Report On The Meeting Of The Amherst Human Rights Commission, Wednesday, February 15, 2023
The meeting was held over Zoom and was recorded. The recording can be viewed here.
Philip Avila (co-chair), Ben Herrington (co-chair), LaVerne Kelly, Rani Parker, Tyler Matsuo, and Juliana Shepard
Staff: Pamela Young (Director of the Department of Diversity, Equity, and Inclusion) (DEI) and Jennifer Moyston (Assistant Director of DEI and staff liaison for the Human Rights Commission)
The meeting was held on Zoom and was recorded. The number of members of the public present was not reported.
The first substantive section of the agenda was Member Reports, in which Rani Parker and Philip Avila reported back from the joint HRC/Community Safety and Social Justice Committee (CSSJC) meeting from last week. The meeting was on the subject of local public safety. Avila explained that the HRC will have to vote on whether they would like to be included in future conversations between CSSJC and the town council.
Next, the meeting moved on to discuss open meeting law, and what the commission is or is not allowed to do in non-public meetings. Young explained that they have two options: create official subcommittees of no more than four commissioners who would follow open meeting law including posting notices of meetings in advance, or appoint one commissioner to serve as a lead for a project, and who would be responsible for logistics, planning, and presentation of reports at the commission’s regular monthly meetings.
Tyler Matsuo suggested that the HRC form an official subcommittee for the bylaw language revision project discussed in the last meeting and proceed with the unofficial lead format for other projects, such as planning cultural events. The other commissioners agreed, and Avila said he will send out an email to gauge interest from the commissioners to see who will be on the new subcommittee soon. Based on the discussion from the HRC meeting in January, the subcommittee will review the town bylaws governing the HRC and revise their language so that it is more inclusive of all town residents. This will involve collaborating with the town counsel to standardize language across town documents.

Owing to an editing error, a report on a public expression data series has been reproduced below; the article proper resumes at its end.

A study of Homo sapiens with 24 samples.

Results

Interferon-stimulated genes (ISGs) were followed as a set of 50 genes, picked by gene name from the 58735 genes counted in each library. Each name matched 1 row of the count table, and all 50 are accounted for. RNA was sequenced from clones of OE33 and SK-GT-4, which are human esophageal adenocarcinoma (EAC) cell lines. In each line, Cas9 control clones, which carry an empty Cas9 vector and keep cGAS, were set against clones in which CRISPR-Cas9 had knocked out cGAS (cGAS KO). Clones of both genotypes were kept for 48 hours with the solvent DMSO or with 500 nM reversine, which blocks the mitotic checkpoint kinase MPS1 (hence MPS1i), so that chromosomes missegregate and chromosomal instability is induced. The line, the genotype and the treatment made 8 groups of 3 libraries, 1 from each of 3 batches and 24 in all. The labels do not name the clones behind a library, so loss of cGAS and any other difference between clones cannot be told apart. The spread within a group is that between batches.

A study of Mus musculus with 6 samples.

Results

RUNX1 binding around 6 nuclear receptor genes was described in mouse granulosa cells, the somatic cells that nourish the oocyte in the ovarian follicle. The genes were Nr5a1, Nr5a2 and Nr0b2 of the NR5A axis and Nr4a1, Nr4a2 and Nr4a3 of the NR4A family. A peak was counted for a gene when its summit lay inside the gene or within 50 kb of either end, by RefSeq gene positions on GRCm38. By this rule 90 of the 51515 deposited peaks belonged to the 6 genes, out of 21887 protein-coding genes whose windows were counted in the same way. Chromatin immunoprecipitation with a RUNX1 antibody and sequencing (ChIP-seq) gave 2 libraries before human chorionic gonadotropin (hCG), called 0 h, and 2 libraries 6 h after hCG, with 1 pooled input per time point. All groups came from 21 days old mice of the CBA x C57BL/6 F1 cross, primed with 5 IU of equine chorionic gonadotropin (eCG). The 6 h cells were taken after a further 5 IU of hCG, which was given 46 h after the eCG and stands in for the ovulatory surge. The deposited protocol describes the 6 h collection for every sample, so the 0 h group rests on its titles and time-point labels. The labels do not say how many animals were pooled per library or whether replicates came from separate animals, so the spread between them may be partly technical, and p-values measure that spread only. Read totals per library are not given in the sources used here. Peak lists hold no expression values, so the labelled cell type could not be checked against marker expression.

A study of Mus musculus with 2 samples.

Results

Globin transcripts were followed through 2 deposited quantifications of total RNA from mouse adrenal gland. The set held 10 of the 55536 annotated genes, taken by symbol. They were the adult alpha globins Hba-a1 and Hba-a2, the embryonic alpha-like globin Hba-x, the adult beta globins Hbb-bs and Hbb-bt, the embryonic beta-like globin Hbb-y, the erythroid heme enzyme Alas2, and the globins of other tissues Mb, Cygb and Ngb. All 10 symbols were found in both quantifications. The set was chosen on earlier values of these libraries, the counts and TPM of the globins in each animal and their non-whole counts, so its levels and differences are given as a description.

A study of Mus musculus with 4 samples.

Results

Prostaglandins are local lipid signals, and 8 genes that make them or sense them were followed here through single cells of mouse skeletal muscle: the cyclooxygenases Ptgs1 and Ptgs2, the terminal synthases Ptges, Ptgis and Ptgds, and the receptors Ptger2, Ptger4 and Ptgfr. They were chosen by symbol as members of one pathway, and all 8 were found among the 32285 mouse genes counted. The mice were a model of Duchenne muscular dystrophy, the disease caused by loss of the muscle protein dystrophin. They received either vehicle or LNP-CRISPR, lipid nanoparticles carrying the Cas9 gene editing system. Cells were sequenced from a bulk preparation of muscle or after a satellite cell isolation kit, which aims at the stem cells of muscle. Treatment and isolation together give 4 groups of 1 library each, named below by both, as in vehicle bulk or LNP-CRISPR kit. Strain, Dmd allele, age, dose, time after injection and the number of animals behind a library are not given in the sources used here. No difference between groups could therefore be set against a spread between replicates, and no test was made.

The meeting then progressed to the planning of future town events, namely Asian American and Pacific Islander (AAPI) month in May, the annual Youth Hero Awards, and Juneteenth. Although Pamela Young and Jennifer Moyston typically take responsibility for these events, they hope that the HRC can help out more with the planning of them. Shepard volunteered to be the lead for AAPI month, which will feature migration stories and the histories of various AAPI groups. Avila took on leading event planning for the Youth Hero Awards, which typically honor local youth nominated for their leadership over the past year, alongside Chairperson Ben Herrington, who will work on the nomination process. Moyston explained that typically everyone who is nominated gets an award, and both individuals and groups can be nominated. The awards ceremony typically involves a barbeque. LaVerne Kelly will lead planning for the Juneteenth event.
Lastly, Herrington reminded the group that their Black History event is happening on February 26. The event will feature a musical timeline of Black History dating back to 1619. It will begin at 2 p.m. at Amherst Regional Middle School, and members of the public are strongly encouraged to attend.